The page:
An article in Nanowerks covered the newly developed liquid-crystal display (LCD) presented by Hong Kong researchers. The breakthrough technology boasts sharper images, more intense colors, and much greater energy savings than earlier LCDs.
This next-generation design is called the Active Matrix Ferroelectric Liquid Crystal Display (FLCD). It was developed by a research team from the Hong Kong University of Science and Technology (HKUST).
The FLCD’s image resolution capability is three times better than standard LCDs. It is also 300 to 500 percent more efficient when it comes to using electricity.
Last but not least, it is cheaper to manufacture. This allows for significant savings on both the manufacturer and the consumer.
It accomplishes this by removing color filters, the source of an LCD screen’s energy inefficiency and a major factor in the production cost of a unit. Color filters block and use up to 70 percent of the backlight and electric consumption of an LCD. (Related: Screen time is hard on your eyes: Here’s how to protect them.)
Professor Kwok Hoi-Sing of the HKUST’s State Key Laboratory on Advanced Displays and Optoelectronics Technologies is the leader of the team that developed the FLCD. He explained that they developed a replacement for energy inefficient color filters that uses different materials and achieves greater energy efficiency.
Their “field sequential color technology” uses ferroelectric liquid crystal that works much faster than traditional color filters. The new material can show color images sequentially in time.
In a conventional LCD, color filters are responsible for turning the white light source of the back-light into appropriate colors for the image. The filters use sub-pixels that block all but the right colors.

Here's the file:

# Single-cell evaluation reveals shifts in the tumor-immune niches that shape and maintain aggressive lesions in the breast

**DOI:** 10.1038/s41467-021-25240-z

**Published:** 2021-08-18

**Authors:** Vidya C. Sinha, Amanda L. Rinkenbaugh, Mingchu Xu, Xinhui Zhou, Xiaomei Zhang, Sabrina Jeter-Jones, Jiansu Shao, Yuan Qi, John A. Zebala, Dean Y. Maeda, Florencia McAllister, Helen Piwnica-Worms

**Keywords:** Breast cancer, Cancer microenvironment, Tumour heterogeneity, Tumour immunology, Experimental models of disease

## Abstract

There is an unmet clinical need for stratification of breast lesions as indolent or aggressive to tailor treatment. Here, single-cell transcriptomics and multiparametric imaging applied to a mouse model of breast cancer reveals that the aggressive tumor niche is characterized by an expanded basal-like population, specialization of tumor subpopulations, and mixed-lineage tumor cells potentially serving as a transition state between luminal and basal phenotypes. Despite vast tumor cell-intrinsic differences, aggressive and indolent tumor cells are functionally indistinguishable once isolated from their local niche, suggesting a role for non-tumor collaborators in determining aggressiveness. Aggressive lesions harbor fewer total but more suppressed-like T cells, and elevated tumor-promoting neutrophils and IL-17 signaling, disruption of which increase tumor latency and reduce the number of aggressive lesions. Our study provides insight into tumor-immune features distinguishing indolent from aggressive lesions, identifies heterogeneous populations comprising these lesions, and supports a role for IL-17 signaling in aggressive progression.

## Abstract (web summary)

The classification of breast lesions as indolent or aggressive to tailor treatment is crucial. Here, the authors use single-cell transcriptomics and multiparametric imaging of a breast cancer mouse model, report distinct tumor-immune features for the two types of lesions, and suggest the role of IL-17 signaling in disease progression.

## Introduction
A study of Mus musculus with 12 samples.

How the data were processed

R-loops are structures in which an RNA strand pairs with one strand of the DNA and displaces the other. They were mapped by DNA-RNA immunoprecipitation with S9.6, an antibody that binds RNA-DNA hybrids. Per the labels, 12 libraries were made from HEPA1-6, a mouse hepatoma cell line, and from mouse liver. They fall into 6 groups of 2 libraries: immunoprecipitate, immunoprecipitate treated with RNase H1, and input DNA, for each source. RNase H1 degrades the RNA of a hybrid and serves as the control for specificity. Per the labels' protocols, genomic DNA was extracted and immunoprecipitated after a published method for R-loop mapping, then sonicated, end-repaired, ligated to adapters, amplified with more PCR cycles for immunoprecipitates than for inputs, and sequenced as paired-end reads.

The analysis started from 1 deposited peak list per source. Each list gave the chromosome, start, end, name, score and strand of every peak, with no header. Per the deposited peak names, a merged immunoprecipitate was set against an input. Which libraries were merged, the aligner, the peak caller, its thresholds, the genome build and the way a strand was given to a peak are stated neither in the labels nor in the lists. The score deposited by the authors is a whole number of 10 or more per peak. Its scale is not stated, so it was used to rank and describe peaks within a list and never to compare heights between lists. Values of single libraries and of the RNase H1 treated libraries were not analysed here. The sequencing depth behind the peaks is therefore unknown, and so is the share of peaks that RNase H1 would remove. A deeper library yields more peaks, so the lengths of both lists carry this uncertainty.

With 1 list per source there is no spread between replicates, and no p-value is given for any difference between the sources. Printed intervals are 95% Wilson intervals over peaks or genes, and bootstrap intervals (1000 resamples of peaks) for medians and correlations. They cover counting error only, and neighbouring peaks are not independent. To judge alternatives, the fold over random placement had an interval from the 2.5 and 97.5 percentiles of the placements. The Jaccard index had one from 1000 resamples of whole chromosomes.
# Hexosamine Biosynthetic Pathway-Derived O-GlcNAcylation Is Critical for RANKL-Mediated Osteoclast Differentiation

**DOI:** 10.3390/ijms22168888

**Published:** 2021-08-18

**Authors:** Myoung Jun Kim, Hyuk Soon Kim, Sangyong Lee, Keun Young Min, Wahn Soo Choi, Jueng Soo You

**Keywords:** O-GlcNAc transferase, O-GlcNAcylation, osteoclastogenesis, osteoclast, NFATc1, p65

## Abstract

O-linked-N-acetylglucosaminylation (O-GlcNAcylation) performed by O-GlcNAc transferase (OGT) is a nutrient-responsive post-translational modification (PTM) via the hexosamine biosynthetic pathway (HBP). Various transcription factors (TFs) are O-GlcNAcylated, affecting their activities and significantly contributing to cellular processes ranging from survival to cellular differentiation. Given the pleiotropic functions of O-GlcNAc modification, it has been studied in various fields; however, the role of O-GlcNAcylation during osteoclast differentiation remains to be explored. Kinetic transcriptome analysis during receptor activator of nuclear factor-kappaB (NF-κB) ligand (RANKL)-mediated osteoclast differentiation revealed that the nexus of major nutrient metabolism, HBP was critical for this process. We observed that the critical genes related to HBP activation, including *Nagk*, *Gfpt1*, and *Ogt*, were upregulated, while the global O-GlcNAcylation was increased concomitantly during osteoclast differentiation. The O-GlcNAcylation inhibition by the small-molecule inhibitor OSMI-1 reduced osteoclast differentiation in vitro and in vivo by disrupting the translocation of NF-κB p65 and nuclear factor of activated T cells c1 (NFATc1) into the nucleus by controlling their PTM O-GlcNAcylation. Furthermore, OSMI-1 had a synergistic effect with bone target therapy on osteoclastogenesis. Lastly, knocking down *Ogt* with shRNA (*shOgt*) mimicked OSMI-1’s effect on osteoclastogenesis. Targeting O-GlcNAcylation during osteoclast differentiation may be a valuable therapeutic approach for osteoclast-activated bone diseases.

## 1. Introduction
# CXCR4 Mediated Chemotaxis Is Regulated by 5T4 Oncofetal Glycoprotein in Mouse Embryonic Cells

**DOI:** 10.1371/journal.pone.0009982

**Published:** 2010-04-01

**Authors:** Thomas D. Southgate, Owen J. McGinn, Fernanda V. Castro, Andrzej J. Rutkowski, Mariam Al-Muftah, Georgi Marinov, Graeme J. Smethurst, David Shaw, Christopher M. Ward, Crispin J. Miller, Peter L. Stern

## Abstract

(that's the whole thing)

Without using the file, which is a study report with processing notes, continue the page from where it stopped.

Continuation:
An FLCD, however, lets natural human vision do the heavy lifting in combining the fast-switching pictures. The new display can therefore dispense with the need for color filters.
Around 30 percent of the cost of a typical LCD is taken up by color filters. An FLCD is therefore much cheaper than its older counterpart while also providing higher quality images.
The HKUST team also switched out the usual white light-emitting diode (LED) back-light for a new design that emits red, green, and blue (RGB) light. The new LED vastly improves the color saturation of the FLCD.
Compared to a white LED that generates the entire visible spectrum of light, the RGB LED device emits much fewer frequencies/colors. Contrary to what one may think, the narrower spectrum actually increases the ranges of colors that can be used for the images.
Last but not least, the removal of the color filters also improved the image resolution by 300 percent. That is because there are no more sub-pixels that can distort light, especially if said pixels are damaged.
The HKUST researchers demonstrated their new combination of field sequential color technology and RGB LED back-light by putting their FLCD prototype beside a normal display, running the same video clip on the two screens, and letting the viewers see the difference for themselves. The FLCD showed much better image resolution and color saturation.
“The FLCD requires relatively low power consumption, so it is highly suitable for portable electronic devices such as smartphones, tablets and laptops, which batteries can live longer than they do now,” said Kwok during the presentation. “The new display could also be applied in high-end displays such as virtual reality headsets and head-mounted displays with its higher resolution and color performance.”
Kwok and his researchers created the ferroelectric LCD with the support of Taiwanese firm AU Optronics. The new display was awarded the “Best Prototype in Innovation Zone” prize by industry organization The Society for Information Display.
Be updated on the latest technology on LCD displays at FutureScienceNews.com.